Talking Meaningfully About the Hard Parts of Easter


When to tell the story:

No matter what you have shared with families during Lent, some children will log-in/ arrive on Easter morning having not heard or connected together the stories of Jesus birth, life, death, and resurrection. Easter is an opportunity to bring the pieces of Jesus’ life into a more cohesive whole and meaningful narrative. 

I shared several approaches on When to Teach the Easter story at Building Faith. 

Here are three Easter Children’s Times Kathy Pittenger adapted one of them into this excellent Easter Children’s Message resource.

Looking for at home options? I collected this list last year.

How to tell the story:

When shared well, the Easter story equips us to make meaning over our lifetimes. What God does through Jesus Christ becomes the lens through which we see hope in the most challenging, gut wrenching experiences of our lives. Thoughtfully told, the Easter story becomes our good news and the ground of our faith. Whatever Children’s Bible or material you are using, I recommend the following tips shared in this previous post

  1. Previewing your materials ahead of time to look for Biblical accuracy and sound theology.
  2. Treat the violence carefully and age appropriately. Traci Smith lays this out very clearly here. It can be enough to say, “Jesus died on the cross.”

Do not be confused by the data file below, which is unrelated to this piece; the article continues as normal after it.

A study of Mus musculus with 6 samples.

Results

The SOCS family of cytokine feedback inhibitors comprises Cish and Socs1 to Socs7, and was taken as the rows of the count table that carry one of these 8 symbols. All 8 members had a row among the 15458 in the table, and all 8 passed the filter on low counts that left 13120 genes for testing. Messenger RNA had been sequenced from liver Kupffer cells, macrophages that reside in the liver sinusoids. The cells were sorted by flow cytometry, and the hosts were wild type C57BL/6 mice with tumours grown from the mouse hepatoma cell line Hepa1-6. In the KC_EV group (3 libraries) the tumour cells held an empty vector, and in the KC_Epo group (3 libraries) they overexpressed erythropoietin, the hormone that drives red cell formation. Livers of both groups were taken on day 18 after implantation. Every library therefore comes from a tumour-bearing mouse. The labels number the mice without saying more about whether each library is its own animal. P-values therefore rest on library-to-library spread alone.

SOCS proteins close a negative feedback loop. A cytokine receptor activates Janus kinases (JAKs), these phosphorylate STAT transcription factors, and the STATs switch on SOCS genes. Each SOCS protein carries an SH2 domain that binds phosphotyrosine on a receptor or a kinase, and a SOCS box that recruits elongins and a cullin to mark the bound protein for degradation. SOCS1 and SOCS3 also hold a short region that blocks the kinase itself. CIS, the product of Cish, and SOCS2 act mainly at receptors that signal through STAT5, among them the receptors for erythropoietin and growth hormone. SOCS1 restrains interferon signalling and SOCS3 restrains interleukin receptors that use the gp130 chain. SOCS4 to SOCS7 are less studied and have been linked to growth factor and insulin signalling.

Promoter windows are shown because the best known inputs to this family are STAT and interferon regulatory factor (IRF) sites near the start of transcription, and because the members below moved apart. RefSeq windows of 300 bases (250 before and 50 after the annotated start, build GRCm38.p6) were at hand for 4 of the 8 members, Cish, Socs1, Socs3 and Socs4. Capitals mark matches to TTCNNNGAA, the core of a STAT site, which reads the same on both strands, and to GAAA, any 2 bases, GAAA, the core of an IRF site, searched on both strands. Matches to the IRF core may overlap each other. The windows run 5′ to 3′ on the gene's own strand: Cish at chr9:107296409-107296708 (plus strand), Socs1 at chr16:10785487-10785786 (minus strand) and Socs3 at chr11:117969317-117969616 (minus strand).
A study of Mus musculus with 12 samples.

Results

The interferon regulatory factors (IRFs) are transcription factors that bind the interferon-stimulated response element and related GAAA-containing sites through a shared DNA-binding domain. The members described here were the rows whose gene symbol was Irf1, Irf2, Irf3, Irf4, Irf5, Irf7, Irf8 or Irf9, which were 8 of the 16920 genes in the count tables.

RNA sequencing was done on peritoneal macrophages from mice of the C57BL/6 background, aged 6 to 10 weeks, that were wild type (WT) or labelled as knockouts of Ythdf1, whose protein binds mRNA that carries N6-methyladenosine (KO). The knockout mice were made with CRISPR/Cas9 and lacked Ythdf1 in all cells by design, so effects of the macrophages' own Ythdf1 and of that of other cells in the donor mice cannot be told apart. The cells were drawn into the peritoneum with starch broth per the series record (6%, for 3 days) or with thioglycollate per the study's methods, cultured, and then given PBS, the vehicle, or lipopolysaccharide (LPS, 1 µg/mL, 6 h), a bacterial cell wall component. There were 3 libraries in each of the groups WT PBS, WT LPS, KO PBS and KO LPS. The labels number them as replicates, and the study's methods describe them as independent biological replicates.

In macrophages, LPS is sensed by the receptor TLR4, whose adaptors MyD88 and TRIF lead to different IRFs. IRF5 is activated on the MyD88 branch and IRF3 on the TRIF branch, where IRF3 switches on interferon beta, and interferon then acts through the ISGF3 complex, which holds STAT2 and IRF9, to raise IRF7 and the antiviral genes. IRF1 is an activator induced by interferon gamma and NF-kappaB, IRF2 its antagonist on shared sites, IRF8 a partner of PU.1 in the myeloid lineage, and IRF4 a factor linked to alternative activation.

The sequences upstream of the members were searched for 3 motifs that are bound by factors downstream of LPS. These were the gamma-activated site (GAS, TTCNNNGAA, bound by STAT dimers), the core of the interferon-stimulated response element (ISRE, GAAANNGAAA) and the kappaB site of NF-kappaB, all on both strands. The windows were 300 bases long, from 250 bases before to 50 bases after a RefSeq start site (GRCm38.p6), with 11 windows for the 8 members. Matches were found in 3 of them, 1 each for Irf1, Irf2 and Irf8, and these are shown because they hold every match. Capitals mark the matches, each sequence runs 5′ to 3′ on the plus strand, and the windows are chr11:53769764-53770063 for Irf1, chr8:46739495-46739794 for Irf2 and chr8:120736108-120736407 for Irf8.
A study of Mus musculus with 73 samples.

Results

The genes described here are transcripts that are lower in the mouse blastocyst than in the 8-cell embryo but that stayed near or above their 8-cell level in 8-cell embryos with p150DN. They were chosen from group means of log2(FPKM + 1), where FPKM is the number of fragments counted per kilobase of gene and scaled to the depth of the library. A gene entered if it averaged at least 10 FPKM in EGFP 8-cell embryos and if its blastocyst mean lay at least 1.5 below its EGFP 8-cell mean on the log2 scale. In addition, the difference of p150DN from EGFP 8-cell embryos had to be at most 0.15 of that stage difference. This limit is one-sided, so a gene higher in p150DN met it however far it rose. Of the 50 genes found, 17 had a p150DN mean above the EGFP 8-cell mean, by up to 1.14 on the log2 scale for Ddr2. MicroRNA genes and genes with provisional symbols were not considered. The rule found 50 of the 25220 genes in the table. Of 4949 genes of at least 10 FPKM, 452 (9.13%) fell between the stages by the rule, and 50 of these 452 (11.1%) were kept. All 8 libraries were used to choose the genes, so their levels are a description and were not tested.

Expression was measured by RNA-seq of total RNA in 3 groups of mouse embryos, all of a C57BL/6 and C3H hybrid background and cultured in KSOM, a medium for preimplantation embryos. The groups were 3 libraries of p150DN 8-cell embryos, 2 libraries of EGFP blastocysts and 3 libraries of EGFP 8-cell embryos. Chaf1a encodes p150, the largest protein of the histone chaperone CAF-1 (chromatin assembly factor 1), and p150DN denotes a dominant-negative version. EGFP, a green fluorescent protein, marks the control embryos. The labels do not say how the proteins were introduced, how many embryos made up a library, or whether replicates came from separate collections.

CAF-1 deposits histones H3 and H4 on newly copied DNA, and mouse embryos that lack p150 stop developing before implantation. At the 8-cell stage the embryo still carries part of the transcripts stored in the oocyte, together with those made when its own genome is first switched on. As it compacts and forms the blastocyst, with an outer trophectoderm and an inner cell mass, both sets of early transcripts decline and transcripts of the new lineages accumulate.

3. Share the stories in context of the Jesus’ ministry and the Roman Empire. The World Jesus Knew: a curious kid’s guide is an excellent resource for middle to late elementary school ids.
  4. Ask open ended questions that allow children to make meaning for themselves. This intergenerational cross activity works well for families with children of many ages.

Don’t miss this conversation: A Better Way to Tell the Easter Story

As adults, part of providing spiritual safety is doing our homework before we crack open a children’s Bible or storybook with a child so that we can share the story appropriately. Author Daneen Akers is taking on the topic of atonement in conversation with Traci Smith and Herb Montgomery on Instgram this Thursday. I am confident this conversation will help all of us grow as ministers and leaders. See you there!

You might also be interested in:

This Palm Sunday Children’s Message using felt symbols.

My recommended books for Holy Week and Easter (This is an affiliate link for Bookshop)

My complete Lent and Easter Planning Guide subscriber download.

Using poetry to explore the meaning of resurrection with youth.